NSF-funded researchers at the University of California, Davis, have found that increasing the number of land managers and decreasing the size of land holdings in a region can negatively impact the control of invasive species. Increased division into more complex “management mosaics” reduces incentives to control in two ways: first, by dividing invasion damages among more managers (thus reducing the damages experienced by each individual manager); and second, by increasing the likelihood of continued reinfestation from lands whose managers choose not to control. The resulting reduction in regional control of invasive species raises the potential of those species to cause economic and ecological harm.

UC Davis graduate students Rebecca Epanchin-Niell, Clare Aslan, Matthew Hufford, Jeff Port, Jason Sexton, and Tim Waring used interviews and surveys of cattle ranchers to examine how land divisions and multiple land managers affect control of invasive species. They focused on yellow starthistle as a case study invasive species, but applied their conclusions more broadly to biological invasions in general through theoretical examination of the damages and control costs imposed by invasive species under varying scenarios of land ownership.

Sampled ranchers declared that the presence of yellow starthistle on their property reduces available forage for livestock and therefore represents tangible economic hardship. However, they provided evidence that their inclination to invest in control diminishes if adjacent land contains uncontrolled infestations. Three-quarters of interviewees reported that infestations on neighboring lands affect them and a quarter stated that the threat if re-invasion from these lands has reduced their investment in control on their own lands.

Greater degrees of subdivision thus complicate control efforts, but additional difficulties arise from enhanced diversity of management types in the region. Land under differing management goals inherently carry differing weed control incentives. Sampled ranchers declared that former ranchlands that have now been converted to roadsides, residential properties, or so-called “hobby ranches” experience very little weed control because the presence of yellow starthistle does not represent an economic threat to those lands. Demographic changes in ranching areas in California have been well-documented over recent decades: ranching has become less profitable and exurban migration to the region has spiked. Rangeland conversion therefore is on the rise, and inserts into the management mosaic parcels with lowered or no control incentive.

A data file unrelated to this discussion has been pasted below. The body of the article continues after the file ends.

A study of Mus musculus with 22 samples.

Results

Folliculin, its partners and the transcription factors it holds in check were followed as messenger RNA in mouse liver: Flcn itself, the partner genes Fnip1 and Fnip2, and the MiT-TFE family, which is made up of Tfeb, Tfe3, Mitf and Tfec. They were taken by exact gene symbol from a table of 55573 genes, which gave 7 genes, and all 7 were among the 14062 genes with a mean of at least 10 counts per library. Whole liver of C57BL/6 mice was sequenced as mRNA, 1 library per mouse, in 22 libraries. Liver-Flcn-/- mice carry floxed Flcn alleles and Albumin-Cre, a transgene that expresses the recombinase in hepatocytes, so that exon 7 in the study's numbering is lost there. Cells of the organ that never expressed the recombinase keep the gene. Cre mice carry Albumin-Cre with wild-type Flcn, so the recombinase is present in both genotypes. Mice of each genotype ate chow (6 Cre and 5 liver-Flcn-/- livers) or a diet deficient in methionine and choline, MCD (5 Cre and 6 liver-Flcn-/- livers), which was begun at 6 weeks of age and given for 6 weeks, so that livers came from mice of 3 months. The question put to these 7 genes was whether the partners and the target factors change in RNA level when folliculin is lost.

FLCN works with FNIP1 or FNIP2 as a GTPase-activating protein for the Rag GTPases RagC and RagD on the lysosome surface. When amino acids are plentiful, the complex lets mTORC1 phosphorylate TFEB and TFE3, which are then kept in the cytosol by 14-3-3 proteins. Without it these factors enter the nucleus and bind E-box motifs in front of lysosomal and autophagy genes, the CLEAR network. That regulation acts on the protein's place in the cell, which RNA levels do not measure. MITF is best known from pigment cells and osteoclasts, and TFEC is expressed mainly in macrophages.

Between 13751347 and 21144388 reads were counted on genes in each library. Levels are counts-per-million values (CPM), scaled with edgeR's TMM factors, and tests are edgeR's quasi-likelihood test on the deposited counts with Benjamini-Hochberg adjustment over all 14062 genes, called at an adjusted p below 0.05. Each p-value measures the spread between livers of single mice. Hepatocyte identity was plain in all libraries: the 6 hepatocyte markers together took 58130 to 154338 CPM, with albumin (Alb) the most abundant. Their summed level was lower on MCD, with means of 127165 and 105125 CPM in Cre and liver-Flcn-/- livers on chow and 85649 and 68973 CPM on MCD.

To address these difficulties, the researchers found that formal cooperation among neighboring managers can improve success of regional invasive species management. If adjacent land managers coordinate their control efforts to minimize spread of weeds across fencelines, the threat of re-infestation following control efforts diminishes and incentives to control increase. Indeed, 68% of interviewed ranchers called for coordinated control efforts in the region. One interviewed rancher stated: “I do not think that we can eradicate it because it’s all along the highways. Until the state [controls along roadways], it’s going to come into my field. If we declare war, we gotta be united.” Coordination among neighbors and between parcels under differing land use is therefore essential for the effects of complex management mosaics to be mitigated.

Support from the US National Science Foundation Integrative Graduate Education and Traineeship program and US Department of Agriculture’s Environmental Research Service made this research possible.

Address Goals

Throughout rural regions in the US, rangelands have become mosaics of privately owned agricultural lands, residential holdings, federally managed lands, and state and local parcels. These mosaics are further subdivided and grow more diverse as rural populations increase, family-run ranching becomes less profitable, and land prices rise. Invasive species control in these mosaics is complicated by the diversity of incentives and division of damages, and must be addressed through active coordination of control efforts. Through interviews and surveys, this research allowed comparison of theoretical predictions with common practice and local experiences. The researchers analyzed results and developed suggestions that provide local, state, and federal land managers with strategies for developing coordinated control efforts across management mosaics.

Further, the research is being published in a journal accessible to policymakers, and will be revised in a non-technical white paper that will be disseminated to extension agents and weed control specialists in the region.